Nigeria’s food vendor industry shrinks 16% on pandemic impact

Nigeria’s eatery industry shrinks 16 percent as COVID-19 lockdown brought activities in the sector to a near standstill in Africa’s biggest economy, a new report by Euromonitor International, a London-based market research company, notes.

The report states that the industry declined to $12.3 million in 2020 from $14.6 million in 2019, as lockdown measures used to curb the spread of the virus halted eat-in food services.

“Even after it was eased, many consumers significantly reduced their discretionary spending as a result of the economic shock of the pandemic. Some remained reluctant to eat in restaurants due to the perceived risk of contagion,” the report says.

The report also notes that the virus triggered a shift from eat-in consumer foodservice to takeaway, as “this was particularly the case for limited-service consumer foodservice, as many of these outlets are located in residential areas and thus more accessible to consumers.”

The consumer food-service industry comprises cafés/bars, full-service restaurants, limited-service restaurants, self-service cafeterias, and street stalls/kiosks.

Last year, BusinessDay investigated how restaurants were faring from the impact of the COVID-19 pandemic. Results from the findings showed that for five months (March-July), the sector saw up to 60 percent drop in sales as they were not generating enough take-outs (prepared food packaged to be consumed away from its place of sale) and food deliveries services.

According to Wale Abioye, a manager at Sweet Sensation, a Lagos-based fast food restaurant, operators generate more revenue from dine-in services than take-outs because the more people that stay in their restaurants, the more purchases they make, unlike one-time purchases from take-outs.

“Government regulations and the fear of COVID-19 are a challenge because there is no continuous purchase. A lot of people that do repeated purchases through deliveries, which cost money, don’t get the full value of their money for what they are spending on because they pay that part of the value for deliveries,” says Abioye.


In March 2020, when the number of new cases of COVID-19 started to increase, restaurants limited dine-in table service to only 20 people, while others who were more than 20 were offered take-outs instead.

When there was a full lockdown in April, some restaurants were not opened, while others that opened only offered limited menus. After the lockdown was partially eased on May 4, the government directed them to offer only take-out services.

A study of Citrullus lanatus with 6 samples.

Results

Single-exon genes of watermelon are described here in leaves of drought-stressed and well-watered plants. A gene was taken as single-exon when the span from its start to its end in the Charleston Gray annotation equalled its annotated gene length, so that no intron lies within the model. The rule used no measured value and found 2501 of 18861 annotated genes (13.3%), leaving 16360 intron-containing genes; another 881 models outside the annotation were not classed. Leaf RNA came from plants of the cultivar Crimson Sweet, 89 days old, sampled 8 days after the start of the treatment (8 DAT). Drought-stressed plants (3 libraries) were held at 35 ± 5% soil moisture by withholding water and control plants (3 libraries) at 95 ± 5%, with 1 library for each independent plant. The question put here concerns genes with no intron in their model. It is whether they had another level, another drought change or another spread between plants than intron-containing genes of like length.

On August 14, they were now allowed to operate dine-in services on the condition that they maintain 50 percent capacity.

“There was a decline in the number of consumer food-service outlets in Nigeria during 2020 due to the economic shock of the pandemic. In general, there were more closures among independent restaurants than their chained counterparts in 2020,” the report states.

By December, the foodservice outlets were allowed to fully open to the public and operate at full capacity.

The report further highlights that chained outlets were better able to weather the pandemic than their independent counterparts due to economies of scale.

For example, Eat ‘n’ Go Limited utilised the Jumia Food on-demand delivery app to offer discounted prices and promotions to consumers. Despite the pandemic, they continued to expand the number of restaurants it operated under the Domino’s Pizza, Coldstone Creamery and Pinkberry banners, the report further highlights.

Ayorinde Akinloye, an analyst at United Capital plc, states that the year 2020 eroded consumers’ income and purchasing power, making them switch from some premium outlets to cheaper ones.

“And it will be difficult for the consumer food service industry to get to the pre-COVID level until consumers’ incomes improve and they have that confidence to spend more,” he states.

For the industry to get to pre-COVID levels or exceed it, Uchenna Uzo, a consumer expert and the faculty director at Lagos Business School, says it will require thinking through their retail model again to ensure that they have a strong service capacity that is built based on technical analysis and training the staff to know what it means to deliver top-notch service to customers.